Imagine yourself in the Victorian era of the nineteenth century. Love was allowed to bloom only under stringent societal norms. The prying eyes and ears of a chaperone made it difficult to utter words of endearment to your beloved. So, what does one do? One finds a loveseat, or a tête-à-tête.
A loveseat is small sofa or couch, typically 50-60 inches long, which can seat two persons. Unlike modern-day sofas, loveseats are smaller in size, typically with two separate cushion seats. Invented around late 17th century, the original loveseat designs were not intended as an aid to courtship, but rather as a seating place for women wearing huge and elaborate dresses, ball gowns, etc. which were in vogue at the time.
With heavy dressing giving way to a slimmer, more form-fitting attire around the 19th century, the loveseat designs also underwent variations. One of the most popular loveseat variations is the tête-à-tête (literally “head to head” in French).
The traditional tête-à-tête was an S-shaped chair with curved backs facing opposite directions and a central armrest. This kind of chair goes by many names: courting bench, gossip chair, kissing bench, or vis-à-vis (after the fact that the design allowed two people to converse face to face).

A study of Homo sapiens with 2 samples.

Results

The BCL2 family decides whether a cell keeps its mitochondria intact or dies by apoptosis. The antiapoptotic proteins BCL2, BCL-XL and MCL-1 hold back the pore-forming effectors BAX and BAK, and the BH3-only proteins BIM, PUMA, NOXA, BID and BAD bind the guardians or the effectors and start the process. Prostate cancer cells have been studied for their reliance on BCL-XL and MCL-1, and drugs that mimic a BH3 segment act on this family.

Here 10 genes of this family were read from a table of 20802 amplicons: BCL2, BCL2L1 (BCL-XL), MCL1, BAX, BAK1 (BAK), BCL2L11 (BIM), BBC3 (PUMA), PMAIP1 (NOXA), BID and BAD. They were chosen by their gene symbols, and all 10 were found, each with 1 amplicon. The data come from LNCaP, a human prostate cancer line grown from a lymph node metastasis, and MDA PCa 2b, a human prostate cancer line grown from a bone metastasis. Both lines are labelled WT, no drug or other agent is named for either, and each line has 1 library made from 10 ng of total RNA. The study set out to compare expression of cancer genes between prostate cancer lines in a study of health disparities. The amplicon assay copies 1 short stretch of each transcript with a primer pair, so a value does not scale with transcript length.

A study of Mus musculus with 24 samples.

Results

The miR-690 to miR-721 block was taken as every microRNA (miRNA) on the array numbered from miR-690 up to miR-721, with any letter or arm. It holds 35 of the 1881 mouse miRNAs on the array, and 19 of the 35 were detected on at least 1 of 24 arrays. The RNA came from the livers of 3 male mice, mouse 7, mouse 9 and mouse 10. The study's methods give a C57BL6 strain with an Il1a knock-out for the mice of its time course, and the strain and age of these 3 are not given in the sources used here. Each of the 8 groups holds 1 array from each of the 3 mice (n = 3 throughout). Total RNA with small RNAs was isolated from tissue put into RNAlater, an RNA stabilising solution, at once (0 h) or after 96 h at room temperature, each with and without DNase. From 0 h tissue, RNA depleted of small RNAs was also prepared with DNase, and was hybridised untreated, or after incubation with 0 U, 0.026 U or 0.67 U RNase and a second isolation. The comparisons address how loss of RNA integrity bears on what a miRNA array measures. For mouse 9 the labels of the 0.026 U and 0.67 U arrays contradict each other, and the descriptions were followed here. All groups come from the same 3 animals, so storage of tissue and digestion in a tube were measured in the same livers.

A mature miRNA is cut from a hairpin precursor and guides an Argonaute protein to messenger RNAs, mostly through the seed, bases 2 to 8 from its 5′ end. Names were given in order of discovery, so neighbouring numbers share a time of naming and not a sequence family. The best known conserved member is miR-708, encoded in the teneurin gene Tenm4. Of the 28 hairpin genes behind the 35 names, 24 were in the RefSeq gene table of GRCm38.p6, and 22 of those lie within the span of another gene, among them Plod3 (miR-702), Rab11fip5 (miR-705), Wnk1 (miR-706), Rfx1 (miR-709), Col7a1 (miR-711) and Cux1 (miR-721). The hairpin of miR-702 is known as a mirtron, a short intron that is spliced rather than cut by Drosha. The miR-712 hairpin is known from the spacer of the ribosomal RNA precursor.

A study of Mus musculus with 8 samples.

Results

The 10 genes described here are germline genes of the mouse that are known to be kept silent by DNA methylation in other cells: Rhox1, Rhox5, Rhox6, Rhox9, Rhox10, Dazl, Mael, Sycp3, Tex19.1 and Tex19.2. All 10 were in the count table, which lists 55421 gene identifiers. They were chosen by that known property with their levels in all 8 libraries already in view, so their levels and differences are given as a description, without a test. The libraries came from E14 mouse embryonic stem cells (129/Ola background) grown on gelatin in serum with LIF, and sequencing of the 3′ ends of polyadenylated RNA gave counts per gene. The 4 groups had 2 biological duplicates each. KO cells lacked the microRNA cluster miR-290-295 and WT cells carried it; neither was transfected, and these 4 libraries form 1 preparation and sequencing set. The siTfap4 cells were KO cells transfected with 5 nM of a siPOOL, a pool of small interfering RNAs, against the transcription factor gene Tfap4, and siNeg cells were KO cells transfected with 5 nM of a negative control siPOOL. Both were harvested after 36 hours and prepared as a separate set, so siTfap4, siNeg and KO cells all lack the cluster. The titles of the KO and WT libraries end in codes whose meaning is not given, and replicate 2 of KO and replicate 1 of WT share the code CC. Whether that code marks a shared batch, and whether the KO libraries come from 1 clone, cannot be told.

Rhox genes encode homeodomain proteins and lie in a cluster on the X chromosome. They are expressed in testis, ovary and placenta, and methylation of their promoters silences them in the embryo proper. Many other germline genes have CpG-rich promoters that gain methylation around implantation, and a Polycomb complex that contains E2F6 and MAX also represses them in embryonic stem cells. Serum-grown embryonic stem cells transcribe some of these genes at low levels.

A tête-à-tête was usually placed in parlours, sitting rooms, or boudoirs, and offered the perfect setting for a discreet romantic rendezvous—but without the option of much physical contact. Decorum and propriety must be maintained.
Modern loveseats and tête-à-tête chairs have moved beyond the traditional ornately carved designs and, in some cases, also the characteristic serpentine form, e.g. in the tête-à-tête lounger.
So, is a loveseat or tête-à-tête a home décor option for you? This Houzz.com magazine article might help you decide:
Photo credit: The loveseat seen in the blog heading is part of a 500-year-old heritage at the Menezes Braganza House in Chandor, Goa. It was taken by C.M. Kumar -- one of CustHum's co-founders with an eye for photography -- during our trip to Goa in August 2019. Follow the link to learn about this delightful piece of Goan-Portuguese architectural history.